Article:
Remember that old folk song: “Pickin’ up pawpaws puttin’ ’em in your pocket, way down yonder in the pawpaw patch”?
Not a good idea, says Elizabeth Malayter, co-owner with her husband Jim of JEM Organic Farm near Rogersville.
“It’s like putting a ripe banana in your pocket,” she says. “You’d end up with a big smoosh!”
Malayter is selling wild pawpaws (aka the poor man’s banana), foraged from the woods on her property, at the Market Square Farmers’ Market one September morning. Displayed on her table in a basket of sunchokes is one pale green pawpaw, sliced in half, showing the creamy yellow pulp and large shiny brown seeds. The rare occurrence of a pawpaw at market creates a sensation among customers. One after another exclaim some variation of, “Is that a pawpaw? I’ve never seen one in the flesh/Haven’t seen one in years!” An older woman picks up half the pawpaw and inhales the scent. A young man wearing a deer antler necklace throws his arms wide as he talks up pawpaws’ nutritional content: “high in omega-3s.”
Malayter brought seven quarts and sold out well before noon. She also offers frozen pawpaw pulp by special order, best placed through the JEM Farm Facebook page.
Moonshine. Heirloom tomatoes. Artisanal bacon. Now the pawpaw is emerging as a star of the locavore movement, an exciting rediscovery in Appalachian heritage food.
“They are America’s forgotten fruit,” Malayter says.
This August, Chelsea Green published Andrew Moore’s book subtitled with that same phrase: Pawpaw: In Search of America’s Forgotten Fruit. Green is best known as the publisher of fermentation expert Sandor Katz’s bestsellers, The Art of Fermentation and Wild Fermentation. In his review of Pawpaw, Katz writes that it “takes us on a … journey investigating how and why North America’s largest indigenous fruit largely disappeared, and documenting efforts to revive it.”
In September, Lynne Rossetto Kasper featured the book on her NPR show, The Splendid Table. Malayter recommends Kasper’s pawpaw ice cream recipe.
Why did pawpaws disappear from our tables? Thin-skinned and delicate, pawpaws bruise easily and do not keep well. At least partly due to its highly perishable nature, this once-common native fruit never appears on grocery store shelves. The taste is mild and sweet, with a spoony custard-like texture. If you want it, you have to forage it, a practice that disappeared from mainstream American culture with the rise of supermarkets.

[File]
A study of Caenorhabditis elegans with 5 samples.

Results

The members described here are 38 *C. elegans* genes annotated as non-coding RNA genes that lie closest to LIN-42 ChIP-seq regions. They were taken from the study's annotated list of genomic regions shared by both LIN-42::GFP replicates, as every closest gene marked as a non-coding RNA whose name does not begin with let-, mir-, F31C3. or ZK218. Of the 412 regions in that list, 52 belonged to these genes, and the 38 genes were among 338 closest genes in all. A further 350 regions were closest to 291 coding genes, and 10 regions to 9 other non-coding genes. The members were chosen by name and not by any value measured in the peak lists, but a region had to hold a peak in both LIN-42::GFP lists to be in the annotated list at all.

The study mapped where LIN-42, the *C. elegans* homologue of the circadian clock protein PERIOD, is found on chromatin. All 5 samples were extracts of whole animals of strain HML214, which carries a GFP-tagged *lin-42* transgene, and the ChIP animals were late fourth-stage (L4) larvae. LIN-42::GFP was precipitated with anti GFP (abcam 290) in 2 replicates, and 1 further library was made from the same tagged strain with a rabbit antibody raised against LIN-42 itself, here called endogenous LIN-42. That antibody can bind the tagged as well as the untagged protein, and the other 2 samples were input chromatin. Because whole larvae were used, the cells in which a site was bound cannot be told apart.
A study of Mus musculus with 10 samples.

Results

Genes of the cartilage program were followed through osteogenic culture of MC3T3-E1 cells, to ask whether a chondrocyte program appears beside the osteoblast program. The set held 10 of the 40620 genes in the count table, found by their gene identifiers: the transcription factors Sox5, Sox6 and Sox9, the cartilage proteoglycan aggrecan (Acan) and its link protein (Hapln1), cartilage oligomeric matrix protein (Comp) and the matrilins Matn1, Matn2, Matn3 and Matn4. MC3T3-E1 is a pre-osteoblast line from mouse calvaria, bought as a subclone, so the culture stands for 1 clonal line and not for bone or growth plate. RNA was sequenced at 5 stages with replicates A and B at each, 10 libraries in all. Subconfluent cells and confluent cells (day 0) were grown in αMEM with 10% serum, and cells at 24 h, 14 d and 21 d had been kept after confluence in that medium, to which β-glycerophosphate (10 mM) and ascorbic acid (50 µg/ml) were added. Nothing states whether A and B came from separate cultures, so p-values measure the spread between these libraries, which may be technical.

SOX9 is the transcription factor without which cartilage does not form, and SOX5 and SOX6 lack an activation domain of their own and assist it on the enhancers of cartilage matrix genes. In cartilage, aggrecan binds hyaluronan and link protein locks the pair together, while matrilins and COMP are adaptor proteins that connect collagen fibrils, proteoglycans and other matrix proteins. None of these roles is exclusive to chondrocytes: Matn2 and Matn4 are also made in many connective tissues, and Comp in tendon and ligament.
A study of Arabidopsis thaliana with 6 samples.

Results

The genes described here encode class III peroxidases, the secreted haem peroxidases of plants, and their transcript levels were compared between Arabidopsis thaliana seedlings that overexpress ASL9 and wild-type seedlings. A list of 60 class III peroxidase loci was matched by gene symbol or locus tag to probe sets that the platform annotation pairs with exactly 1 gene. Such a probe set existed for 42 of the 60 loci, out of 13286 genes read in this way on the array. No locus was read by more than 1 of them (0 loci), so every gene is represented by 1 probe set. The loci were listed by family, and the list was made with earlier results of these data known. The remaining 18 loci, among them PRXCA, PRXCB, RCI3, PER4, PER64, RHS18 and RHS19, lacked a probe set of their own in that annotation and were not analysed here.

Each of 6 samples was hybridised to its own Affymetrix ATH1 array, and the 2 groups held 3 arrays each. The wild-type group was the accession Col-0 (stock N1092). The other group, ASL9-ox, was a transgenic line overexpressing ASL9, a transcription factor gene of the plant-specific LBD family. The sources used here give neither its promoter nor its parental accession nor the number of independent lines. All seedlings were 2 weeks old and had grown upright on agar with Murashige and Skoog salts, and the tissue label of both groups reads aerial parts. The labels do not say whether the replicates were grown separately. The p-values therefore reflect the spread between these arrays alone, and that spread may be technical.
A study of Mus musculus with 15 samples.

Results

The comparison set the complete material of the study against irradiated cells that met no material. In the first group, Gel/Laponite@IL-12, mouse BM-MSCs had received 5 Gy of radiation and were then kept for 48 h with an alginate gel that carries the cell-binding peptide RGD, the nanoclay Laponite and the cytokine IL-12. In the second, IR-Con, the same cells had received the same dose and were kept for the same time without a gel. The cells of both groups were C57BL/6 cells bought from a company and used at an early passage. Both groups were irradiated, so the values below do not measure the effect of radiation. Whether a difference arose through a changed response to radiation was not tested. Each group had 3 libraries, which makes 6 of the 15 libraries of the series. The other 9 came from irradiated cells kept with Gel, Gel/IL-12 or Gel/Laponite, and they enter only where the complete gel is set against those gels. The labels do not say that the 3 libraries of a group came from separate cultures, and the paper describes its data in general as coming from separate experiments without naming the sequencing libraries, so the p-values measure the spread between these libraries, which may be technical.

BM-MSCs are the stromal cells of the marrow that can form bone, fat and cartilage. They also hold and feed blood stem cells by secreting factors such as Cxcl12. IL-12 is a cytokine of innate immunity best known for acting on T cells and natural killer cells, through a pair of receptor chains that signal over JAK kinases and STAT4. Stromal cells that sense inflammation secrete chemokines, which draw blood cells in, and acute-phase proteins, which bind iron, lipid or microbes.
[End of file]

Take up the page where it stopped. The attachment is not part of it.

This is the first year Malayter has sold pawpaws, but she often sells other foraged fruits and roots alongside the farm’s main livelihood, chicken and pork.
“We are real foragey,” Malayter says.
If Malayter can find enough pawpaws, she’ll sell them throughout the season, which is September through early October. She says Crabtree Farms in Chattanooga has planted a pawpaw orchard, still young, with plans to sell the fruit. In the next few years, pawpaws may become more available as part of the high-end local food movement.
Malayter plans to divide and transplant additional pawpaws around the edges of her woods in a loosely managed wild orchard. American Indians cultivated pawpaws in a similar way. An understory tree, they need shade to start, but some sun to fruit. Malayter says pawpaws are good forage for wildlife like raccoons and possums and she’s fine with leaving some for them.
On a recent expedition to Ijams Nature Center, I spotted hundreds of small pawpaw trees growing by the river, identified by their thin trunks, rangy habits, and large simple leaves. Not a single tree had fruit, perhaps picked clean by visitors and other critters.
The pawpaw tree I bought at Stanley’s Greenhouse and planted in my yard is a mango graft with a bushy, upright habit. Pawpaws need to cross-pollinate to produce, so I planted another young tree in the nearby Butterfly Meadow. Pawpaw leaves are the sole food of the caterpillar that morphs into the zebra swallowtail, a handsome black-and-white striped butterfly with a red tramp stamp marking its lower back. Sometimes called the pawpaw butterfly, the zebra swallowtail happens to be the official Tennessee state butterfly.
Mainstream America may have forgotten about these botanical gems, but they’ve been here the whole time, dropping luscious fruit, fulfilling an ecological niche, and supporting a state symbol, way down yonder in the pawpaw patch.
Eleanor Scott's Possum City explores our urban forests, gardens, and wild places, celebrating the small lives thriving there. A freelance writer and columnist, she also maintains the Parkridge Butterfly Meadow in East Knoxville.